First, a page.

The Spirit of Thanksgiving

This year again, like the previous, my family met with my aunts and cousins in my mother’s brother’s family in Brooklyn to celebrate Thanksgiving. This is actually a fairly new tradition. Sometime a few years ago it was just suddenly decided that we would all gather to have a Thanksgiving dinner. I really enjoyed seeing my cousins and their parents the previous two years, so I was excited this year despite all the homework.

I’m not a morning person so I was expecting to meet this year sometime around 5PM on November 22nd. When my mother came home on the 21st telling me to wake up at 11AM tomorrow to be at my cousin’s home by 12PM, I almost didn’t want to go. But since we only meet a few times a year, and this was a special occasion, I pushed that thought aside. When I looked at my younger brother’s displeased expression, I knew I had to push him in order to go … And I did, literally.

The next morning, he slept soundly even with the alarm ringing and my shouting. As a last resort, I pulled his blanket and threw it back at him to wake up him. When we finally arrived, we were late but no one seemed to mind. My mother’s sister’s family (with my cousin’s child who was a bit over a year old) was already here. The moment I stepped in, however, I couldn’t resist but to ask everyone, “Why are we meeting so early? Isn’t the turkey dinner at night?” To my pleasant surprise, my cousin answered, “We’re having hotpot first that’s why. Let’s start moving the table.”

I had no objections to hotpot but on Thanksgiving? It was definitely not traditional or familiar to many cultures. Everyone seemed to like a family hotpot, so why not? After setting up the table and hotpot, my cousins’ parent told us to go buy some drinks at a supermarket—quickly—before it closed in an hour (it was closing early, by 2PM for Thanksgiving). The large store was almost empty except for a few customers. I guessed most of the people were celebrating Thanksgiving with families and had done their shopping beforehand. Although the air was a little chilly, its calming nature eased my anxiety about the somewhat chaotic apartment that I was about to reenter.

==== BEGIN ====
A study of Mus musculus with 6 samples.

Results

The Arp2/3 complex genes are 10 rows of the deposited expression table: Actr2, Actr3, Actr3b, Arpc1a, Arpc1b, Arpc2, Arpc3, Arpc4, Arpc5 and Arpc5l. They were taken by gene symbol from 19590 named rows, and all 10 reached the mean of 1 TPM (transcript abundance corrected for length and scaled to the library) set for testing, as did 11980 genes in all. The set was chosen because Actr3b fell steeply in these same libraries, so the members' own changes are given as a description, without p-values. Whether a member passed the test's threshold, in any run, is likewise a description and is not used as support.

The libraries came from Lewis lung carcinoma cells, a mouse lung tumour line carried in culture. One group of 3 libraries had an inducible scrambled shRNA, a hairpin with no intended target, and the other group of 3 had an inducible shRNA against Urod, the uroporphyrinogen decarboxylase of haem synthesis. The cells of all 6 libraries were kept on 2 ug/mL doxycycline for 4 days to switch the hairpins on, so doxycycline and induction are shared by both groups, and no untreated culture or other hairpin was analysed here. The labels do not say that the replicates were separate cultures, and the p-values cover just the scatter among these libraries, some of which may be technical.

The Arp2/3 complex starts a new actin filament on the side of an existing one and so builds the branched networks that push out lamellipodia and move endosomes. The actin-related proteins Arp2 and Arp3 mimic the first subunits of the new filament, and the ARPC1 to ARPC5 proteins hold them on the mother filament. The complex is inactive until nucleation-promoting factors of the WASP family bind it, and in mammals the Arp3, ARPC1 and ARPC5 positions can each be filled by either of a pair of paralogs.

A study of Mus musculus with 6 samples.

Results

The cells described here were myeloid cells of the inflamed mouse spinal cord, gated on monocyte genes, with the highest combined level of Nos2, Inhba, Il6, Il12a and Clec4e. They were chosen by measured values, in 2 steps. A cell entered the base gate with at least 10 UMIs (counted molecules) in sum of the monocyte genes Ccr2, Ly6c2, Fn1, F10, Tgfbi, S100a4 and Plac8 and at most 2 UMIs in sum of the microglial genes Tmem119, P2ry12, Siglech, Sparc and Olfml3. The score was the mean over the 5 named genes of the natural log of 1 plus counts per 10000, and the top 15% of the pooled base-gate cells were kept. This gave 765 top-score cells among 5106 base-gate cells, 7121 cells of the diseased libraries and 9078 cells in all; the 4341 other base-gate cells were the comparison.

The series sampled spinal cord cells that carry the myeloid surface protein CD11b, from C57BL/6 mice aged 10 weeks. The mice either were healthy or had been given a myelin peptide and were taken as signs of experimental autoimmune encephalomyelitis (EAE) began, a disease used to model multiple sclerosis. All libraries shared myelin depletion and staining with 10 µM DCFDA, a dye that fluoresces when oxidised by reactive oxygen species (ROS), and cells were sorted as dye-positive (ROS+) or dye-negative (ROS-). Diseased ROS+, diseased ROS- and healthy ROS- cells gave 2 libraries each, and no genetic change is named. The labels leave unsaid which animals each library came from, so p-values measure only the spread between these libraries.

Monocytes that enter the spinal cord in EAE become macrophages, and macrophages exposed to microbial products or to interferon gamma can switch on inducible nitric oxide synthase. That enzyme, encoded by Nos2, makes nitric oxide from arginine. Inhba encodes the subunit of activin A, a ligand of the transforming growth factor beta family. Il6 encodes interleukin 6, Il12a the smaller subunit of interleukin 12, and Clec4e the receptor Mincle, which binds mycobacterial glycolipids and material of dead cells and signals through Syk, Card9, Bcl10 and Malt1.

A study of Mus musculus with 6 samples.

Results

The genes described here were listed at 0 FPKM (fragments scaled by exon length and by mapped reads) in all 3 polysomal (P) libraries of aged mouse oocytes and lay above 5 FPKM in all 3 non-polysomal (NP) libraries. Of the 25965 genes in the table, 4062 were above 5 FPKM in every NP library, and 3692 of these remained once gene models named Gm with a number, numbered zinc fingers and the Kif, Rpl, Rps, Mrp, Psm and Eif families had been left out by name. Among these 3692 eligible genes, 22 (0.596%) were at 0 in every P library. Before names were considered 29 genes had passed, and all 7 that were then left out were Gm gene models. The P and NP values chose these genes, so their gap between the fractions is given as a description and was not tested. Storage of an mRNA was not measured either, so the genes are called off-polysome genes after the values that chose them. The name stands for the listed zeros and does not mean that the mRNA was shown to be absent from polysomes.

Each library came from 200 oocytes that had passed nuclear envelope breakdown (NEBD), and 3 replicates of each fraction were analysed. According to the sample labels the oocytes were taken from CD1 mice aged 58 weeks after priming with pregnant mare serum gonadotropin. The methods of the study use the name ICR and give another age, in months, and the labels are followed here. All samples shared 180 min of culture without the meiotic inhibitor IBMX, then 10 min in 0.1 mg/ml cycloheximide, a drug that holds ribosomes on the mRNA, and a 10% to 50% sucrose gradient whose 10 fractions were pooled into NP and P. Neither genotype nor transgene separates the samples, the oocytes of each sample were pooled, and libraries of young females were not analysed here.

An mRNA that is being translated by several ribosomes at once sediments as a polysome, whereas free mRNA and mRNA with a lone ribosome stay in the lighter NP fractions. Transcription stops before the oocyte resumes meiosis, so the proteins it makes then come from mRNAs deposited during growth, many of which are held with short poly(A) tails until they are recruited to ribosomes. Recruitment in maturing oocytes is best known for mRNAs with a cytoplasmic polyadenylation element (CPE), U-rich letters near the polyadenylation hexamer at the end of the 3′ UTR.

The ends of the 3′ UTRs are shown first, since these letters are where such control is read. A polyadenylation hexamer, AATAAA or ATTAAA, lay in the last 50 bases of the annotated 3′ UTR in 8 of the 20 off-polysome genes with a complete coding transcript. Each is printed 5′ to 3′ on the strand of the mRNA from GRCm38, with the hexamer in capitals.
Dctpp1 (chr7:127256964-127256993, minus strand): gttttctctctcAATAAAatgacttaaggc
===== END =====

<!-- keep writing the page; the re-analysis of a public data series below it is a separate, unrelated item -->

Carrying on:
Once my cousin and I entered, I noticed that my mother and my aunt had arrived – which meant it was time to eat! Since it was hotpot, my cousins bought a lot of food and vegetables to boil. In addition to a soup base package, my cousins prepared hot sauce, soy sauce, and cut scallions dipped in shrimp and soy sauce for flavoring. As for the food, there were fish balls, beef balls, shrimp balls, fried tofu (I think these were the best), sliced beef, sliced lamb, enoki mushrooms, shrimp, and assorted vegetables. They bought so much that by the time the turkey was almost ready, everyone was too full to eat anymore. Turkey with mashed potato, which was supposed to be the main dish, became the side dish.

Turkey might have been a symbol of Thanksgiving. However, it was originally meant to express gratitude and celebration. In time, it has grown to mean family reunion. And so, even though a hotpot Thanksgiving was non-traditional, it was definitely in the spirit of Thanksgiving.

Hotpot – Photo credits to


  1. Sifan Shen says:

    Last year’s Thanksgiving, I also had hotpot with my family. My mom prefers chicken than turkey, so she likes hotpot better. I can relate to your story on how turkey became a side dish. At dinner table, Asian family often pressures teens to eat more even though they are already full. Furthermore, it’s considered disrespectful to say “No” to an older relative. As a result, I always end up gaining more weight on Thanksgiving. :(

  2. Professor Bernstein says:

    Your hot pot story is wonderful!

  3. Yeuk San Shen says:

    I can definitely relate to your story. This year, I also had a mixed-culture Thanksgiving dinner– it was great, but it wasn’t traditional. I think nowadays, having dinner with families and friends become more important than having the exact “traditional” dinner with turkey and other dishes. After all, it is a time for family union.

  4. nastassiashcherbatsevich says:

    Your story was full of life and very entertaining. I liked the idea that you were trying to explain: a traditional holiday like Thanksgiving can evolve to fit the people that celebrate it. At the core, having a family get-together was the most important part and the food followed. Its fascinating, though, to see just how differently the various cultures in the United States dine during a holiday that mostly everyone celebrates.

  5. Nancy Zhu says:

    Hot pot!! It’s such a nice Chinese culture.To relate, my family celebrates holidays with hot pot too. This post makes me want to have some right now!

  6. Joseph Maugeri says:

    My thanksgiving this year was pretty lame. I barely ate anything as I really didn’t have plans to go anywhere. I just whipped up a turkey breast, some mashed potatoes, and a little corn. It’s amazing to think how much turkey has been affiliated with thanksgiving though.